You’ve spent weeks, sometimes months, scouring listings to find the perfect apartment. By the time you sit down to review the paperwork, some blend of excitement and inertia makes it easy to merely glance at the lease before signing on the dotted line. Obviously most property owners are good people. But according to a study of 170,000 agreements in Philadelphia, conducted by researchers at Harvard and the University of Pennsylvania, there were multiple instances of illegal clauses woven into the documents. Unless that one-bedroom is a place for you to live during law school, these things could easily go right over your head—and be a big pain later on. Before you break out your pen, take the time to look for these terms.
“As-Is” Clauses, as If!
Homes need certain things that you just can’t humanely deprive people of: heat, water, and shelter are just a few. There are necessities that a landlord might tell you that they don’t have to pay for because you took the apartment under the current conditions—aka as is—but that’s not legal. For example, if you move into a new house and discover there’s a family of raccoons living in the attic, it’s your landlord’s responsibility to get rid of them. But if during the course of this, you befriend the raccoons and invite them back in, that’s your fault, because it’s no longer an as-is problem. Get it?
Know Your Responsibilities
Just because everything’s in shipshape within the apartment doesn’t mean that’s the case for the whole building. “Liability for negligence” is something that was slipped into several contracts in Philadelphia, effectively saying that should a tenant, for instance, fall off the stairs because the banister was broken, it’s the tenant’s fault. The reality is that landlords are required to keep the entire premises in working order—so any liability would still be shouldered by the building owner.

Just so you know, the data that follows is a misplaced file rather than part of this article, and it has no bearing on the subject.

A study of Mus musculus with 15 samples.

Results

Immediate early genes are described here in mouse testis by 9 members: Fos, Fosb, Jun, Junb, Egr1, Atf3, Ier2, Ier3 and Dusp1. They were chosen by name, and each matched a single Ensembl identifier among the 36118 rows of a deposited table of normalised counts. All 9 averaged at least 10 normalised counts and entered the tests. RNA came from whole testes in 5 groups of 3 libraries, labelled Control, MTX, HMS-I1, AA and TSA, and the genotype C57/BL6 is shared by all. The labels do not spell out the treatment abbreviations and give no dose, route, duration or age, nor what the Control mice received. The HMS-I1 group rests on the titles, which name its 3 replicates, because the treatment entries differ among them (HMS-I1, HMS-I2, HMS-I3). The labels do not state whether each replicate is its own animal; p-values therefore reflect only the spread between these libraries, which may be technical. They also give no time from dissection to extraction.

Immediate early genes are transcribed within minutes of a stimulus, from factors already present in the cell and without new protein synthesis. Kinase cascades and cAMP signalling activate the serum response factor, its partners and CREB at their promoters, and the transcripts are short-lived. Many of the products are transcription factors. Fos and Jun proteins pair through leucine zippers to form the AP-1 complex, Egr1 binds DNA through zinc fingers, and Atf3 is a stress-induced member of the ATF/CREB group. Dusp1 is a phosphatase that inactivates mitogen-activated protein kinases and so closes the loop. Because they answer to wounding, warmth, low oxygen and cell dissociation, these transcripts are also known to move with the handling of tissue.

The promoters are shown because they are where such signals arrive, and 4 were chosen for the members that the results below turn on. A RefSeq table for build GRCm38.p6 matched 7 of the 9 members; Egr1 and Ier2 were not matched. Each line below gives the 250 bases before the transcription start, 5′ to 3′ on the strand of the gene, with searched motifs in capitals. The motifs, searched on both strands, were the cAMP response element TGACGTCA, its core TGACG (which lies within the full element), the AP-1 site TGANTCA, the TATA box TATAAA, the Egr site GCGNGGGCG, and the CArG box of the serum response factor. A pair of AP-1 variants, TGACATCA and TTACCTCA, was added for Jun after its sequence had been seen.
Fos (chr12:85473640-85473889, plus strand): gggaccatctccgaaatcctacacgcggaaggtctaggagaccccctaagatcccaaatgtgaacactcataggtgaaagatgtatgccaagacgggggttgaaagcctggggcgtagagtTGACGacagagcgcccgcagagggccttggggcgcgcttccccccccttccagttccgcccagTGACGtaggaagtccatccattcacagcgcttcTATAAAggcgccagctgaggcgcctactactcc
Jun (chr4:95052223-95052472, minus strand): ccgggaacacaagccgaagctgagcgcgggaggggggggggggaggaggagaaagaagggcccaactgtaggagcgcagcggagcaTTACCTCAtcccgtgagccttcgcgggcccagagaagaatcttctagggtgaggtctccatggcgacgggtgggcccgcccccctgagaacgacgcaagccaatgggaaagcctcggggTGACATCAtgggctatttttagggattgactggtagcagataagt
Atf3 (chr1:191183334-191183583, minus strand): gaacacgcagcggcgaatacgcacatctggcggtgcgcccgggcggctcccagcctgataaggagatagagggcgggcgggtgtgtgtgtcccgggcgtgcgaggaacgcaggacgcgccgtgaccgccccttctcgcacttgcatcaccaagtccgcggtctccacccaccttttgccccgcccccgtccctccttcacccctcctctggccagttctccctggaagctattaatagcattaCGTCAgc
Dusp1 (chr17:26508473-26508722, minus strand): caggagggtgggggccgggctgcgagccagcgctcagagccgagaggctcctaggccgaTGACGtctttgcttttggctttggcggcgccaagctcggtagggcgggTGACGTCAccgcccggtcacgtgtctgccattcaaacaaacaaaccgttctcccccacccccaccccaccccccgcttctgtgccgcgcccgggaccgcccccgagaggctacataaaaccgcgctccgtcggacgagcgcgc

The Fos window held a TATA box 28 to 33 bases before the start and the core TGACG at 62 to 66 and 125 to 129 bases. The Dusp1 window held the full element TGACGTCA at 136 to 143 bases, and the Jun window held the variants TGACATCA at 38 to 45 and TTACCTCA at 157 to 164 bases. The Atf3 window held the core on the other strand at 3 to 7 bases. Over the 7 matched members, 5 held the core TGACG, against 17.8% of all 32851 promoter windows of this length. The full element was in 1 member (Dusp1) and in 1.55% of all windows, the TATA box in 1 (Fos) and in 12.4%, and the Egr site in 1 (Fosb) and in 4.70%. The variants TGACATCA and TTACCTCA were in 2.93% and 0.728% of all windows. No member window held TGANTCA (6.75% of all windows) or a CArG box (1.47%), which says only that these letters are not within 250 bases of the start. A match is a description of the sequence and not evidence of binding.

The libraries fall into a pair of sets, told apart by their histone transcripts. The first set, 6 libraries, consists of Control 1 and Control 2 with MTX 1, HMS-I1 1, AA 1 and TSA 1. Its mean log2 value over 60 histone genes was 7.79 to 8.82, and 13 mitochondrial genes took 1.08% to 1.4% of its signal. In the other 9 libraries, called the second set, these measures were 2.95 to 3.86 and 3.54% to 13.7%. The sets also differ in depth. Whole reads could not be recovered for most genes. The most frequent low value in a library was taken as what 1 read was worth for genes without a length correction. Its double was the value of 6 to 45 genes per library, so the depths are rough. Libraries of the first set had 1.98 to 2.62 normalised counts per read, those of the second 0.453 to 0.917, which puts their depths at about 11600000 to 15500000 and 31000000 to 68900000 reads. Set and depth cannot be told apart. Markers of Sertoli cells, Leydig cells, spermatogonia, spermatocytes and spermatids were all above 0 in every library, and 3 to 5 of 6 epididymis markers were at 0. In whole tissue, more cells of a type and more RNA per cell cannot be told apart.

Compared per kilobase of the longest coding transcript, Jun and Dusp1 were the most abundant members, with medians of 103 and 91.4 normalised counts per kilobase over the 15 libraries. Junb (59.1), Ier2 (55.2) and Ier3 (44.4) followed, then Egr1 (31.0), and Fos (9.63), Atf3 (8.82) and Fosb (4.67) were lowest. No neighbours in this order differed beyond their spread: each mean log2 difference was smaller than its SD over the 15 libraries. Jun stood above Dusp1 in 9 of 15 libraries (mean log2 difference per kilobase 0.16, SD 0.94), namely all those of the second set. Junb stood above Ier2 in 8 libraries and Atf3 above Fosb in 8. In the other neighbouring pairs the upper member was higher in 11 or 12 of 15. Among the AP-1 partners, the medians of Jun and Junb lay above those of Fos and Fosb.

Crime Doesn’t Pay, but Neither Should You
You probably don’t need an article to tell you that doing illegal things in your apartment is going to get you in trouble. However, the researchers behind the study had problems in particular with “crime-free clauses”—statements that allow a landlord to evict a tenant after being caught doing something against the law in the apartment whether or not you’re actually charged. For example, only medical marijuana use is legal in Pennsylvania, and the rest is decriminalized. If you’re caught smoking in your apartment without a medical permit, the landlord could toss you out even if the police don’t take you down to central booking. These passages aren’t technically illegal, but should give you pause before agreeing to put that kind of power in the property owner’s hands.